After a tense debate in which voices were raised, the House Rev & Tax Committee has approved HB 389, Rep. Mike Moyle's big new property tax bill, on a divided voice vote, and sent it to the full House with a recommendation that it "do pass." A substitute motion from Rep. Tammy Nichols, R-Middleton, to instead send the bill to the House's amending order for changes, including increasing the homeowner's exemption by more than the specified 25%, failed, also on a divided voice vote.
Rep. Ben Adams, R-Nampa, spoke in favor of Nichols' motion. “When it comes to property taxes, we are here to represent the ultimate stakeholders and that’s the homeowners,” he said. “In my district. $125,000 is not going to cut it. So I would also like to see the 55% portion with potentially a sunset.” That 55% is something from Rep. Bruce Skaug's proposed bill to raise the homeowner's exemption, including moving it up to 55% instead of 55% of value.
Rep. Steven Harris, R-Meridian, the committee chair, ruled Adams out of order for mentioning legislation that hasn't been introduced. Harris spoke in favor of the bill, saying, “The ultimate stakeholder is not the homeowner. We have many, many stakeholders out there.” He said homeowners pay 43% of Idaho’s property tax.
Harris also spoke against the substitute motion, saying, "In my opinion, it kills the bill."
Rep. Terry Gestrin, R-Donnelly, made the original motion that passed. Several committee members, including Reps. Hartgen, Kauffman and Okuniewicz, said they'd support the original motion because of "the timing issue" but would reserve their right to change their votes on the House floor.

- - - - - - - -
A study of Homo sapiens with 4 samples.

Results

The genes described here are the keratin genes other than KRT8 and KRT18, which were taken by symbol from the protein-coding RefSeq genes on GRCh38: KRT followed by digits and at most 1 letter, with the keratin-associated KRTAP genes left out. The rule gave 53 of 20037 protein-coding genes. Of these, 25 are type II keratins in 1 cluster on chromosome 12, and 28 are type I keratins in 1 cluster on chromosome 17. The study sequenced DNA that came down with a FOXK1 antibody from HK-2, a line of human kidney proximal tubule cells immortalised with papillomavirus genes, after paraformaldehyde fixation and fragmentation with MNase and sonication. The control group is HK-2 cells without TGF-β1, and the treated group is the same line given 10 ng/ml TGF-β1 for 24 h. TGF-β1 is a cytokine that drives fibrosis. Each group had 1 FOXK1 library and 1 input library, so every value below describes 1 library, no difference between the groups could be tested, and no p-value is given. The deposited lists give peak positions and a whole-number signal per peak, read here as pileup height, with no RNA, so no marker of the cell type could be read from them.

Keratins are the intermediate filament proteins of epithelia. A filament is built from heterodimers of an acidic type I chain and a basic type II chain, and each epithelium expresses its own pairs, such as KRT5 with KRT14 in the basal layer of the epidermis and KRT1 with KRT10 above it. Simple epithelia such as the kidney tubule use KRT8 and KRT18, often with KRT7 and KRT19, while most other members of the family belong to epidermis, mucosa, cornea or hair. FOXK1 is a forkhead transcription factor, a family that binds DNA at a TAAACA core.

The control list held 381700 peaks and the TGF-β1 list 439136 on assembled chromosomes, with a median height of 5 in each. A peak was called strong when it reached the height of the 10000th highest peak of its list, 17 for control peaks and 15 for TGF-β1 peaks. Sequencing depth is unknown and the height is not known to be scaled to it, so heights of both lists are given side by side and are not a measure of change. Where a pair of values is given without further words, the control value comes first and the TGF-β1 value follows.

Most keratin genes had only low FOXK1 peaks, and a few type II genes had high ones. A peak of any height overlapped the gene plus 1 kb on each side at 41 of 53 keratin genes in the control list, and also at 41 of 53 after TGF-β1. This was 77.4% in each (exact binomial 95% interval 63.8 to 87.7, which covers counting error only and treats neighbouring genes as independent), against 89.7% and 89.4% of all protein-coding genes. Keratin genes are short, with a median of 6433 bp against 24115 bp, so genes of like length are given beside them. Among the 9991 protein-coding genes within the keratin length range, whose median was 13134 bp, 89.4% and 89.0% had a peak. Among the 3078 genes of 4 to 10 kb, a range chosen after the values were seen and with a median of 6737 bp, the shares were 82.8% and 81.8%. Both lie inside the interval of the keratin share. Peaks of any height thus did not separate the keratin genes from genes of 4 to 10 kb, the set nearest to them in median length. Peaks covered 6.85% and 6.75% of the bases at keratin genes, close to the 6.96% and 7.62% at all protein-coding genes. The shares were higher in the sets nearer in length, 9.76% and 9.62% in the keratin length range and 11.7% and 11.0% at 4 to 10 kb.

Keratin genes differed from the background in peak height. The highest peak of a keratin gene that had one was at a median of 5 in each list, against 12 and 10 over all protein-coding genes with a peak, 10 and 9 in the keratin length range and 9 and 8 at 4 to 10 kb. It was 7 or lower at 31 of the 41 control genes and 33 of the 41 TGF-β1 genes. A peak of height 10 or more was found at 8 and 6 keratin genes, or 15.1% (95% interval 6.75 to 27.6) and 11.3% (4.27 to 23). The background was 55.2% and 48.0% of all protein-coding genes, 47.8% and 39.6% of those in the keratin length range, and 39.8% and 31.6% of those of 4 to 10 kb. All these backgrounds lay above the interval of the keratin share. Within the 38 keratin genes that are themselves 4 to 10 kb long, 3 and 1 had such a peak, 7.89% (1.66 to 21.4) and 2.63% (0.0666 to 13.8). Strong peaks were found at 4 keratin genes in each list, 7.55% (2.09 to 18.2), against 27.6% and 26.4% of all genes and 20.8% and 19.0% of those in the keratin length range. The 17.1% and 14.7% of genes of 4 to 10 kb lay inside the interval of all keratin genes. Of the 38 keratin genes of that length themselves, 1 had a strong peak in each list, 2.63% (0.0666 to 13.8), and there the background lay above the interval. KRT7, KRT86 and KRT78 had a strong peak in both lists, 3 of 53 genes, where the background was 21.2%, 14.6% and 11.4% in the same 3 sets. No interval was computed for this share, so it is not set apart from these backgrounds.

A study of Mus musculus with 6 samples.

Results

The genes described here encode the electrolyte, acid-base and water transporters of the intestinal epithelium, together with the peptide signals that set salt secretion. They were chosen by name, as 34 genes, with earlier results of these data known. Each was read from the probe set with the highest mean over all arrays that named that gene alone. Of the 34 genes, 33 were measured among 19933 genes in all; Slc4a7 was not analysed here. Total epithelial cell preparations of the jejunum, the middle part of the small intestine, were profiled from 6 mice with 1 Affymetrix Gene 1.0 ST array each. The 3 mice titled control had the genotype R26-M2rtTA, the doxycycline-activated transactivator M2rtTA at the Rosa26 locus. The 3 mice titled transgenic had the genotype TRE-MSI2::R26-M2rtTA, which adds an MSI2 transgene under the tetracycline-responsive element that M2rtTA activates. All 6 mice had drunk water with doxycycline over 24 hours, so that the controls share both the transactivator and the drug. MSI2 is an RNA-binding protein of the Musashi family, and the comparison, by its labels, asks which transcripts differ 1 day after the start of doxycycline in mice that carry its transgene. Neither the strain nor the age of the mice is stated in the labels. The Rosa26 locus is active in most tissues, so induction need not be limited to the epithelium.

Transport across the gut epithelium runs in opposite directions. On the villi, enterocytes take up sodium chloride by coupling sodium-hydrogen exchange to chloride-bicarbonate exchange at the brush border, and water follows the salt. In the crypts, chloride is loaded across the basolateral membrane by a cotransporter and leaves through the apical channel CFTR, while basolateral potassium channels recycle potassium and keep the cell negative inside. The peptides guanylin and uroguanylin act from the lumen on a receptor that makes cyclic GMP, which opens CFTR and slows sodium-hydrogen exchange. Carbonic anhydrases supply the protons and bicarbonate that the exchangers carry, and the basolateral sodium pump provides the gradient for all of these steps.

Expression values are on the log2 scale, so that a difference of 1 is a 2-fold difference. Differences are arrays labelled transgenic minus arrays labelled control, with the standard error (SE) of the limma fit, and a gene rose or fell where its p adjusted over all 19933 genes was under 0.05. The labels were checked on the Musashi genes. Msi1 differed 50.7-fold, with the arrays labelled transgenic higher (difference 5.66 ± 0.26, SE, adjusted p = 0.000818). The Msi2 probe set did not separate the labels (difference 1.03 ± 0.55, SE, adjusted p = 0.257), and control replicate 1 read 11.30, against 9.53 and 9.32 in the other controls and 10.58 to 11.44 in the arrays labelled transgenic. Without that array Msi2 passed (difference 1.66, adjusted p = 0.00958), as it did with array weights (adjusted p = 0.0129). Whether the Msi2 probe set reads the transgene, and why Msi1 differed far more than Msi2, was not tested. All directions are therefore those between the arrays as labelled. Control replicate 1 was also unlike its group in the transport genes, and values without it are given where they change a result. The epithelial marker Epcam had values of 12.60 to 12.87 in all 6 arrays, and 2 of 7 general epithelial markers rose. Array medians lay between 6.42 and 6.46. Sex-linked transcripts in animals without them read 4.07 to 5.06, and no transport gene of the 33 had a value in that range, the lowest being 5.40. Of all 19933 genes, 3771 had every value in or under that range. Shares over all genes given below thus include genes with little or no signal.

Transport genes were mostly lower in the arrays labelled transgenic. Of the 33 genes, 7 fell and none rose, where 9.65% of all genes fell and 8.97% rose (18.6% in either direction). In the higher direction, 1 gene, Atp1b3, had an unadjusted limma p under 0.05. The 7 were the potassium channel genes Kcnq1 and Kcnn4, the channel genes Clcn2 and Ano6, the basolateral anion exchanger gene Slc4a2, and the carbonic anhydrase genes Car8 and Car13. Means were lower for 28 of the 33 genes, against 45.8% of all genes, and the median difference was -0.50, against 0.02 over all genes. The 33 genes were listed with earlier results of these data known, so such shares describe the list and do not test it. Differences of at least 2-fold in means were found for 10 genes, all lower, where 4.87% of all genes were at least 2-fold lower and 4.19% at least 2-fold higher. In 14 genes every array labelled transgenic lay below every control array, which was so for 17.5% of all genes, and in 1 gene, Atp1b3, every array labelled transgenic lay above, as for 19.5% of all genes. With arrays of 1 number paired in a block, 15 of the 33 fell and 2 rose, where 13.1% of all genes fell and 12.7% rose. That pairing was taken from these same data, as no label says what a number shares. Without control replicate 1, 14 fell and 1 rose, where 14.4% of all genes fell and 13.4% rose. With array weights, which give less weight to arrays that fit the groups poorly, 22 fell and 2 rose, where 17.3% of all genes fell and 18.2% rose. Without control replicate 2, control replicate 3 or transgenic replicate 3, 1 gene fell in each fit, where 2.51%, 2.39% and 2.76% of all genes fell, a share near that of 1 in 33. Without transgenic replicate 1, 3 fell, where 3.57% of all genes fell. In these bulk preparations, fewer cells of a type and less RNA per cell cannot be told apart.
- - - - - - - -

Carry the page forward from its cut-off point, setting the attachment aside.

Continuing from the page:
Moyle criticized local government officials. “They’re not going to stop their bad behavior until you force them to,” he told the committee. “They come down here and blame you. This is a 25% increase in the homeowner’s exemption. This is a start in the right direction. … My friends, this is not the perfect bill, there’s a lot more to do. This could help some, but it hurts others.”
"The cities were at some of the meetings, but all they ever did was say, 'Hell, no,'" Moyle said. He said other parties including Idaho counties, the Farm Bureau and others participated in crafting the bill; he said IACI opposes it. "IACI wanted the whole enchilada," he said, removal of the personal property tax on business equipment entirely at a cost of about $130 million a year to the state general fund. The bill instead raises the exemption from the current $100,000 per county to $250,000, at a cost to the state general fund of $8,1 million a year.